An Appreciation of an American Architect, I.M. Pei

05/30/2015 01:28 pm ET | Updated May 29, 2016

A recent review of the work of architect I.M. Pei repeated a common criticism of his work: That his career has been devoted to corporate clientele. I have always thought this disapproval to be misplaced. It seems likely that any design professional at that level of prestige would serve those who could afford such services. (Although I am not acquainted with Pei, I belong to a civic group he founded.)

The essay pointed out he was the first non-Western architect to achieve significant success in the West. It noted, however, that to Chinese observers, he is an American architect -- not a Chinese one. He was born in mainland China, but he was attracted to America as many were, by Hollywood depictions; he cites Bing Crosby, Charlie Chaplin and Buster Keaton as the cultural influences that brought him to these shores.

Now approaching the centenary of his birth, and having been officially retired for 25 years, the 1983 Pritzker Prize winner has a portfolio of work around the world that few could surpass: the John Hancock Tower and the JFK Presidential Library, both in Boston; the National Gallery East Wing in Washington, D.C.; the Bank of China Tower in Hong Kong; and the Louvre Pyramid in Paris. Even the Hancock, hardly admired for its falling window panes and potential instability, has come to be recognized for excellence.

His heritage is almost always implicated in assessment of his buildings. A biography, for example, is entitled, Mandarin of Modernism. Yet his return to mainland China in 1978, well before its economic boom, for the Fragrant Hill Hotel project, was not well received. The Chinese government characterized the vernacular style as "reactionary" and the local press described it as "strange." The Bank of China Tower, dazzling though it is, also is said to have bad feng shiu. The rival HSBC building, by Norman Foster, boasts protection against its neighbor's negative energy.

I admire how Pei was able to assimilate. I doubt an immigrant -- an Asian immigrant -- would have had many options during a time when racial discrimination was normal. Pei apparently came from a more privileged background, but even the well-to-do who were not white could find themselves reduced in status considerably when they arrived here.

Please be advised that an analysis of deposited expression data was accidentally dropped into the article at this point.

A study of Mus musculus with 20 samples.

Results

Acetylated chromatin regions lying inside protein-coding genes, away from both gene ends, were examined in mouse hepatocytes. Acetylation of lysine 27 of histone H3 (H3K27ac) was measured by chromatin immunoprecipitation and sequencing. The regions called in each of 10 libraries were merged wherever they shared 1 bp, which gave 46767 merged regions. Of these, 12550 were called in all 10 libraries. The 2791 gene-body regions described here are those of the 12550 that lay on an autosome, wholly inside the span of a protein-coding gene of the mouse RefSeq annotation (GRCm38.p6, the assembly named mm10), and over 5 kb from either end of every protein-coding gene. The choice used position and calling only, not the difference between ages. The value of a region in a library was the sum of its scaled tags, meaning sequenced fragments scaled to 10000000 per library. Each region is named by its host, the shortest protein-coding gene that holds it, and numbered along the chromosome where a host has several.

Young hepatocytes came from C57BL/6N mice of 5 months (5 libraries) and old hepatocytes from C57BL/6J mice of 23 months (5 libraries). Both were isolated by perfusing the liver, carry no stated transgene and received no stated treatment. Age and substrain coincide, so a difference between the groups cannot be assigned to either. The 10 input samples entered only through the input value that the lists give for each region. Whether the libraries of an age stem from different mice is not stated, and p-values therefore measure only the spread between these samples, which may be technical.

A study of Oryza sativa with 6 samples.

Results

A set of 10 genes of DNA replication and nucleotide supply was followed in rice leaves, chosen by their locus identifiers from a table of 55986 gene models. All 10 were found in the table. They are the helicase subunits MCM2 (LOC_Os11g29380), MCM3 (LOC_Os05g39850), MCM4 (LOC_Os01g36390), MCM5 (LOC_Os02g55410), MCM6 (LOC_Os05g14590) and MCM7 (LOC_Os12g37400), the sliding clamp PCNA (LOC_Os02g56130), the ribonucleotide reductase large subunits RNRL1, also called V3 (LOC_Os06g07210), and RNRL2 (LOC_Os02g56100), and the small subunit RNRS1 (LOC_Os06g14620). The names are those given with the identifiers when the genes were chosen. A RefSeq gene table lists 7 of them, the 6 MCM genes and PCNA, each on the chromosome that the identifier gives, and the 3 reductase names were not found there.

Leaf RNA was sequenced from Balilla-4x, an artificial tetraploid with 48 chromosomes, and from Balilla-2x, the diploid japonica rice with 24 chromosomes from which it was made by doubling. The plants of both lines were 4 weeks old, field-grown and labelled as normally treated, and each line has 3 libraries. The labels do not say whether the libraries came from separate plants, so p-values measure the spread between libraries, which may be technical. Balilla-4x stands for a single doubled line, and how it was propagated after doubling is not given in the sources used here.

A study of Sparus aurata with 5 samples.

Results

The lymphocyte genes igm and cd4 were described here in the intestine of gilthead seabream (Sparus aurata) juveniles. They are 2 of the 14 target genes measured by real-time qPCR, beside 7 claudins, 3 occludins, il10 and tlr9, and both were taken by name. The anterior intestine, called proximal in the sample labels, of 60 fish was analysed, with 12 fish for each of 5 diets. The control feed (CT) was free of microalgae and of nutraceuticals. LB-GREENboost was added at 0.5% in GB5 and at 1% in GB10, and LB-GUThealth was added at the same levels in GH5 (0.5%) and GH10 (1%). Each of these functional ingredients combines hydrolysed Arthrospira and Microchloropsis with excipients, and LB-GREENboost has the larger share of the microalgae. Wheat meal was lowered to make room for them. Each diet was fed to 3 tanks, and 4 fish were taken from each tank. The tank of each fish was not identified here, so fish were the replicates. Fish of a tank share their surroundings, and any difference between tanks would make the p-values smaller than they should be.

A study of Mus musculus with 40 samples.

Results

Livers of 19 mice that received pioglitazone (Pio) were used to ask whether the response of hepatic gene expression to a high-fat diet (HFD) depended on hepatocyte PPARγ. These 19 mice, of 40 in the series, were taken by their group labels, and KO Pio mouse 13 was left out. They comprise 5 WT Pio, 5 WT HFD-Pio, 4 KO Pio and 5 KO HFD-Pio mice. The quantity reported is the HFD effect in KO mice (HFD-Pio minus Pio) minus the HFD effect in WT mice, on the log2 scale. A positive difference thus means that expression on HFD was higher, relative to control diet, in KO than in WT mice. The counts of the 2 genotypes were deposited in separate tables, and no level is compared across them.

If he were ambitious, and such determination is the fuel of the America Dream, any Asian American would have had to display not only extraordinary technical skill but also an ability to adapt to the culture of his patrons and overcome prejudices they might have held even if too polite to express it. There were other Asian Americans in the field, but they generally were relegated to supporting roles. Joseph Fujikawa, for example, inherited the firm of Bauhaus master Ludwig mies van der Rohe ("less is more"). After Pei, the most famous was Minoru Yamasaki, but his legacy may be reduced (rather unfairly) to two destroyed structures: the Pruitt-Igoe housing projects and the original World Trade Center twin towers.

Among Pei's contemporaries are others who are aligned with downtown developers. John Portman, only a few years younger, created fortress-like complexes such as the Peachtree in his hometown of Atlanta, the Renaissance Center in Detroit, and the Westin Bonaventure in Los Angeles; and Brutalist, such as the Embarcadero sequence in San Francisco. With mirrored glass and massing of concrete, these edifices are more generic than local.

The achievement of I.M. Pei shows that the creation of cultural icons turns out to be free of ethnic expectations. He has made his mark far from his origins. The National Gallery East Wing, with its sharp angles, and the Louvre Pyramid, in its transparency, are national (the former indicates as much in its name), but not of China.

Perhaps it has been the journey that has inspired creativity.